Newswise — Nanoengineers at the University of California San Diego are working on a COVID-19 vaccine using an unconventional candidate: a plant virus.
The team’s goal is to use plants to create a stable, easy to manufacture vaccine that can be shipped around the globe. It will be packaged in slow-release microneedle patches that patients can wear on the arm to painlessly self-administer the vaccine in a single dose.
The project, led by UC San Diego nanoengineering professors Nicole Steinmetz and Jon Pokorski, received a Rapid Response Research (RAPID) grant from the National Science Foundation. The grant funds research proposals that have the potential to immediately address urgent challenges, such as the novel coronavirus pandemic.
“To really make an impact, we are making a vaccine that’s stable at room temperature and above so it can be shipped—without refrigeration—throughout the world and be distributed to resource-poor areas,” said Steinmetz, who is the director of the Center for NanoImmunoEngineering at UC San Diego.
The Steinmetz lab will work on vaccine development, while the Pokorski lab will work on vaccine delivery devices in the form of slow-release microneedle patches that are inexpensive and also easy to manufacture and ship worldwide.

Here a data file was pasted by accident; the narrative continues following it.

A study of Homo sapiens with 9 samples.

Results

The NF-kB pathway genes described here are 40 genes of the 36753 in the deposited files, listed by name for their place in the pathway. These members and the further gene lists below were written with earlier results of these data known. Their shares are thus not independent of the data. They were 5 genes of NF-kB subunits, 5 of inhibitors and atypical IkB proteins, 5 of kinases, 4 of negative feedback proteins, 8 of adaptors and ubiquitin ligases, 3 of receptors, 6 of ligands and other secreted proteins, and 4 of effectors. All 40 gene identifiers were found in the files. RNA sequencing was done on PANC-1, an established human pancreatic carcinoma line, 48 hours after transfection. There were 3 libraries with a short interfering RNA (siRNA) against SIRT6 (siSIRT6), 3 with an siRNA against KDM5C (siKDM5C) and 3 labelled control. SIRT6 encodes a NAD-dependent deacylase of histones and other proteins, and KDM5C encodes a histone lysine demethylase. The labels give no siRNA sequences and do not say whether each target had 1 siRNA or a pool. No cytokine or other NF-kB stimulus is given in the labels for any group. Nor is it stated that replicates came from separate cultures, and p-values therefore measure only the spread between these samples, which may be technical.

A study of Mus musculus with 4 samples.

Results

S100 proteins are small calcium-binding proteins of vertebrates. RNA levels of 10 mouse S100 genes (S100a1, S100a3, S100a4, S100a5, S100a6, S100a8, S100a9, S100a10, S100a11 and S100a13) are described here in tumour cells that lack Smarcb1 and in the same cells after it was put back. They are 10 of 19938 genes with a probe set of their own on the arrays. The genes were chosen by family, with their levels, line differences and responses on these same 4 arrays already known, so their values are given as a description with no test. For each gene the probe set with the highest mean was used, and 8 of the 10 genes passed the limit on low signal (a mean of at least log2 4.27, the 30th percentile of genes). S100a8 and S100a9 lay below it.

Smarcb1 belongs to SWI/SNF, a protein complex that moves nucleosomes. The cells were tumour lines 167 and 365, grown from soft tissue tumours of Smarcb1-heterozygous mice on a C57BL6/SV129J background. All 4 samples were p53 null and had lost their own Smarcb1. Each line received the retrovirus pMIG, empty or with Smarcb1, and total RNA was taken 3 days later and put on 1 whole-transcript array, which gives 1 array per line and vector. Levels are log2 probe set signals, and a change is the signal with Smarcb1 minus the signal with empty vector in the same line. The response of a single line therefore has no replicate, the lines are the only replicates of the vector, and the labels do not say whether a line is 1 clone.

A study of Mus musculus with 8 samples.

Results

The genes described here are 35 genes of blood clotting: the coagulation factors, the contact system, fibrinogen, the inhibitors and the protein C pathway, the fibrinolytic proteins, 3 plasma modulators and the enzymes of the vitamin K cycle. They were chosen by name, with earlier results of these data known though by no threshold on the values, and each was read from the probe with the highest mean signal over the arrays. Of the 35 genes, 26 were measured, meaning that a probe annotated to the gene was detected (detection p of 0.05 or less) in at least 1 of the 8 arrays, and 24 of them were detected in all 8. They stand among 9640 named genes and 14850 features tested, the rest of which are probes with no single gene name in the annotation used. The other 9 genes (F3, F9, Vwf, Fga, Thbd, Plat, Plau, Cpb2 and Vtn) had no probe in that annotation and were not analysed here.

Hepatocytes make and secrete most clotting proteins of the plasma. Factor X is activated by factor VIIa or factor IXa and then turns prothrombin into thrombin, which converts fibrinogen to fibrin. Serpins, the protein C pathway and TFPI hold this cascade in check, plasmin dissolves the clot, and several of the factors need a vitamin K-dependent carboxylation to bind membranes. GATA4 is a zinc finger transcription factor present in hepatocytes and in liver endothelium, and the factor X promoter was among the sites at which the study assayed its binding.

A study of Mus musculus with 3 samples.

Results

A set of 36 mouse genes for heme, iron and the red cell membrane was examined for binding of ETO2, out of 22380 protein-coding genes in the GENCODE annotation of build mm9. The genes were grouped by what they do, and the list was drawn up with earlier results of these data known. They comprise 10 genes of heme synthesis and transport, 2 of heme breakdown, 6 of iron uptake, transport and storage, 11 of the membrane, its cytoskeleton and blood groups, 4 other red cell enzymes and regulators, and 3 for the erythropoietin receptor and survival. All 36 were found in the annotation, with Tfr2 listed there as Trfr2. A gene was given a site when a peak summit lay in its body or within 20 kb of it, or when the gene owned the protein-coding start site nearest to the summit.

“People can just self-apply these patches, so no need for doctor’s visits. Our goal is to reduce the barriers to vaccination around the world,” said Pokorski, a faculty member of the Center for NanoImmunoEngineering.
To create the vaccine, the team is using a plant virus that infects legumes and engineering it to look like the novel Coronavirus (SARS-CoV-2). Molecular signatures called peptides that are specific to SARS-CoV-2 will be woven onto the surface of the plant virus so it can stimulate an immune response.
The beauty of this approach is that the plant virus is non-infectious in humans, said Steinmetz, whose lab specializes in engineering plant viruses to treat plant and human health. Also, plant viruses are easy to produce in large scales because they can be grown on plants via a technique called molecular farming.
And since plant viruses are extremely stable up to high temperatures, the team’s vaccine is compatible with the methods that will be used to fabricate the microneedle patches.
The methods, called melt extrusion and injection molding, are polymer processing techniques that are used to mass-produce plastic products like Legos and disposable cutlery. They involve melting polymer materials at 100 degrees Celsius. This is too hot for most biological materials, but not for the plant virus-based vaccine, making it easy to manufacture into vaccine patches.
Pokorski’s lab will customize the methods so they can be first scaled down to do quick, inexpensive pilot studies on the vaccine patches. “These methods are usually performed at kilogram scales, and trying to make that much vaccine to do a pilot study would be incredibly expensive,” Pokorski said. “Once we find something that works, we could easily scale it up because these methods are widely used in manufacturing.”
“By synergistically combining our labs’ areas of expertise in plant virus-based vaccine design and biomedical device manufacturing, we hope to really move this research forward to rapidly generate a scalable solution for the current pandemic,” Steinmetz said.